Record to mono trackclips at low level

Record to mono trackclips at low level

Help me understand this.
I run my A-T 3035 mic to a simple 4-channel Peavey mixer, and from there my Audigy 2 ZS Sound Card.

In ntrack, if I record to stereo (either 1 track or split to two) things work as expected, and of course one channel is flat.

If I record to mono, I see this:

The nTrack VUMeter never reaches the red zone, regardless of how much I boost the signal. Clipping occurs at about the same point as when recording to stereo, as measured by the master volume setting on the mixer, but at a much lower level as measured by the amplitude of the signal in the nTrack wave form display.

I like the higher-amplitude result when recording to stereo, but why can’t I get that when recording to mono?



Good post, it’s great when folks actually give us the full signal path when asking these kinds of questions.

But I’m a little confused by one point. Perhaps it’s because I’m currently running V3, although I don’t remember seeing any difference in this when I ran V4. I have the option to record to stereo or to two mono tracks (in the “hammer” popup dialog box). Then, clicking on the red dot under the record meters, I can choose which signals channels to record.

What exactly do you mean by “recording mono” versus “recording stereo, one track split to two”?

Also, when you say “clipping”, I assume you mean you can hear clipping distortion and possibly see sawed-off peaks in the wave file if you zoom up. Correct? As opposed to seeing the “clip indicator” turn red at the top of the recording meters.

Sometimes we can get results like clipping when the format setting is wrong (e.g., “left justified”, in the hammer popup dialog). So try different settings here.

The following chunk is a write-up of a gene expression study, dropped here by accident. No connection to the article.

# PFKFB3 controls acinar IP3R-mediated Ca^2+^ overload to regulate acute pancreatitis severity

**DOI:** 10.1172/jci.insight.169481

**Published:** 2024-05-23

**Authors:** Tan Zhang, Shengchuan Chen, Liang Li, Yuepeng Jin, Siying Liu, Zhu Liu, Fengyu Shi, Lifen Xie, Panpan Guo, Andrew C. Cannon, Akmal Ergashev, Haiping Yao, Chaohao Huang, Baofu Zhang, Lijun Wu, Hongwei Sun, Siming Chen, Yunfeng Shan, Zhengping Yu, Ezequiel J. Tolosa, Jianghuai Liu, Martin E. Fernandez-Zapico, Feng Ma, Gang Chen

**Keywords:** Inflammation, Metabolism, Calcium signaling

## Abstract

Also, let us know which kind of driver you’re using (ASIO, WDM, MME, etc).

I don’t have an Audigy card and maybe this is an Audigy-specific thing; hopefully somebody with one will pipe up.

I should have mentioned that I’m running 4.1 build 1974.

In answer to your questions,

- when I click on the “settings” button of the VUMeter, the “Select Audio format” dialogue includes three options for Channels: Mono, Stereo, Stereo -> two mono tracks. My clipping occurs only when choosing “Mono”.

- My Audio playback and record devices are set to “1 - MME: Wave Mapper”. I don’t know why I’m not set to “MME: SB Audigy…” except that the last time I played with these settings I screwed things up. (Do I sound clueless? yep.)

- Right, by clipping I mean that the wave form is flattened, and that distortion is quite audible on the replay. No clipping indicators show while recording.

From reading your post, I think the following may be happening:
If you set the audio format to mono, both channels of the (stereo) soundcard input are being added at half their original level to make one mono wave file that has the average signal level of the two.
If one channel is silent and the other one has a signal, then the addition of the two will have a level of -6dB when the signal reaches 0dB and starts clipping.
This way of averaging is typical for the MME-drivers I think.
If you want to record mono and use the full signal range, you have several options:

1) Apply your mono signal to both soundcard input channels.

2) Use the option to record the stereo input to two seperate mono files.

3) Use WDM or ASIO drivers for your soundcard.

My advise, if worth anything at all, would be to do 2) and 3).
Good luck!

Good analysis, hansje! I bet you’re right: the “mono” mode (which I don’t think I’ve seen, since I don’t use MME) probably sums left and right. And this would indeed cause apparent clipping at -6dB if the input is really clipping, and n-Track would be clueless that it’s happening. For these reasons, this mode should NOT be used.

Instead, record to two mono tracks, and disable one input channel while recording (click on the red dot under the meters).

Probably best to avoid MME; try WDM or ASIO if you have it. But some folks do find things work better with MME.

The reason you’re using the mapper is it’s the default. I think that’s just whatever you choose using Windows Control Panel for sound & multimedia (or whatever it’s called in your OS version).